Sunday, April 15, 2007

Best day ever.

We went to Fells Point. We shared a couple of these

at the BOP - and it's NOT just 80s Baltimore nostalgia, it really is the best pizza I've ever had. Ian loved all the activity and the people coming and going. And I thanked them for having high chairs.

We saw several "DAAAAAAAGS!!" including one of these
wearing a red turtleneck.

We walked across the square to the patisserie,

where Ian was greeted like the visiting dignitary who also happened to be a movie star. We shared an almond croissant, and Mommy had a delicious and much-needed cappucino, and we played the world's longest game of 'Got Yer Hat!", the adorableness of which undoubtedly made the other patrons grow a new ovary, or else frow up in their mouths a widdle.

Leaving the bakery, we watched several of these
which was desparately exciting.

Back across the square, chasing these
and admiring some very handsome spaniels. The woman who was walking them seemed fairly uncomfortable to have her (and her dogs) actions narrated.

On the way home, we stopped at the store, and I was a rotten parent and bought him a toy to keep him from crying; one of these

(that's not him, it's some other internet baby who also like purple balls) and when we got home, we kicked it around outside until he was absolutely caked with filth. And so was I. Our side yard has a slight slope, and so I would punt the ball toward the house and it would roll back down, always gently returning to bump against him like the Red Balloon.

Friday, April 13, 2007


baby crying. Quite unusual.

As I got closer, I could hear that it wasn't the freaked-out night terror cry. In fact, parenthetically, it's mostly me that's freaked out by night terrors; it weirds me out the way he can wail his ass off and STILL BE COMPLETELY ASLEEP.

When I got to the top of the stairs, he was standing up in the crib. He stopped crying when he saw me, and looked concerned, pointing over at the closet. "Glabble?" he asked, conversationally, with his perfect diction. When I look confused, he starts to cry again, softly, like he's sad.

I go and close all the closet doors, remembering how, as a little girl, I couldn't fall asleep if my closet was open. I rock him, pat him, give him a little bottle (YES, 15 months old and still having bottles, please shut up) and a dry diaper. I've been eating szechuan string beans; he doesn't recoil from my chili-garlic breath.

I hold him some more; he rests his forehead against mine and falls asleep. For the second time today, he sleeps across my chest, shoulder to hip like a bandolier.

He's so big now, so long and heavy. And strong. And he speaks so clearly - not English, you know, but that'll come. I finally got that 6-week tangle out of his hair, there in the back, where his head rests against the car seat. He's been working that dreadlock like a dirty hippie. I keep putting off his first haircut; I just want to get a few more pictures first. And a few more. And then a few more.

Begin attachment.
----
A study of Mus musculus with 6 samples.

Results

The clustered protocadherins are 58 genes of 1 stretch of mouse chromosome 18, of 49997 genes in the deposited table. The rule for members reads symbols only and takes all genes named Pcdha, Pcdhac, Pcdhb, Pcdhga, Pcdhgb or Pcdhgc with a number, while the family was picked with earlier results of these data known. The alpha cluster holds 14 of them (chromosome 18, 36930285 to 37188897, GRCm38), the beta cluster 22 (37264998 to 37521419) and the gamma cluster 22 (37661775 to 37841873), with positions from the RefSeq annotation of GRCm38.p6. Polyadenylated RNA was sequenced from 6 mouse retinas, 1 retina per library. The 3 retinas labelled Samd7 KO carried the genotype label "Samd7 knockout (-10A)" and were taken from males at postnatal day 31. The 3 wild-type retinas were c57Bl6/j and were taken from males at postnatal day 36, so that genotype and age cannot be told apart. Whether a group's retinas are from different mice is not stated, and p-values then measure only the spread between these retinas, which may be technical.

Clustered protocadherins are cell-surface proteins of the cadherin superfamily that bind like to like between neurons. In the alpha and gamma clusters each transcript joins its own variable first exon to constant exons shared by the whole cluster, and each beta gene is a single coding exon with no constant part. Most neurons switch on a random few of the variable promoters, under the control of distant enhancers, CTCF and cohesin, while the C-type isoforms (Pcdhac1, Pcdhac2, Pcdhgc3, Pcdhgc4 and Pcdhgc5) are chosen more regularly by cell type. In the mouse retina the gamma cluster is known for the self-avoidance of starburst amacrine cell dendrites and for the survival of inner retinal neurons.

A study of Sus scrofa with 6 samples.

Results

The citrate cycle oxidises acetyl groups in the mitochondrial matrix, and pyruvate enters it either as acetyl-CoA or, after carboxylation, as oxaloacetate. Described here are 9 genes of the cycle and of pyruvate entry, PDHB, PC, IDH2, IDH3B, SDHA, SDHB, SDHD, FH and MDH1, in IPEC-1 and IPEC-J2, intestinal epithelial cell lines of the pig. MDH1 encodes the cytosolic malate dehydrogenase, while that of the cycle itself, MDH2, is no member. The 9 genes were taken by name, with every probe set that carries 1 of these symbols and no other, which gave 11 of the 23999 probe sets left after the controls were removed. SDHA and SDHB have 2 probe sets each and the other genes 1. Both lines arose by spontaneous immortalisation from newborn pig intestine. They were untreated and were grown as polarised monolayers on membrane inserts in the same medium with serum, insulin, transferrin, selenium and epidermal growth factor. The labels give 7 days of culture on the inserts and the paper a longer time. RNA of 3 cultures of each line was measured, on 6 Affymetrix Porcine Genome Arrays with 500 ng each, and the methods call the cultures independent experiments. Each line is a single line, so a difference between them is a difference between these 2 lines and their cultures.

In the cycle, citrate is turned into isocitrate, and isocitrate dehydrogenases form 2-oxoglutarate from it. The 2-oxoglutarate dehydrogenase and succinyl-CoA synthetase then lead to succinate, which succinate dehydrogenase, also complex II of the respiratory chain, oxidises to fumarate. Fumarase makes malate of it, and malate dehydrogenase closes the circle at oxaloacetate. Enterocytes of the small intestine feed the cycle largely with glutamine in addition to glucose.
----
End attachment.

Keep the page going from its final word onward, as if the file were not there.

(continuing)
You know.

Thursday, April 05, 2007

the fundamentals of comedy writing


Amalah's got it.

Wednesday, April 04, 2007

He'll sleep when he's dead.

Just like me.

My child is just like me.

Sunday, a friend asked me, "Does even one day go by when no one says 'Wow! He looks EXACTLY like you!'"

well, no, not even one, as a matter of fact. Not since the day he was born.

Actually, he looks a lot like his Daddy, from the bridge is the nose up; his beautiful brown eyes certainly don't come from my side of the family. But nose, mouth, chin, pink chipmunk cheeks and blocky build - thats all me.

As is his taste in food, his jumpy energy...and his attitude about sleep.

Which is to say, like me, he loves sleep - once he gets there. But getting to sleep is a daily problem. Because he knows - KNOWS, for an actual FACT - that there is something interesting going on somewhere. And if he goes to sleep, he'll miss it. He knows for sure, just like I remember knowing at 2 or 3, that everything really good happens at night. I used to lie in my bed, door cracked a fraction of an inch, straining desperately to listen: to the sound of the TV (Glen Campbell, the Burns and Allen TV show, Johnny Carson), quiet conversation, turning pages. I didn't think my parents were having martinis or glamorous parties out there, a room away...but I knew they were up, and I knew it was good time, special time, grown-up time, and I was missing it, and it filled me with longing.

This is a weird admission: my biggest fear, as a child and even a teenager, is that I would die before I was grown up and would never get a chance to DO ANYTHING.

It will be years before my kid has the words to talk about this - and maybe I'm totally projecting - but I swear I see this in him, this longing, at 15 months.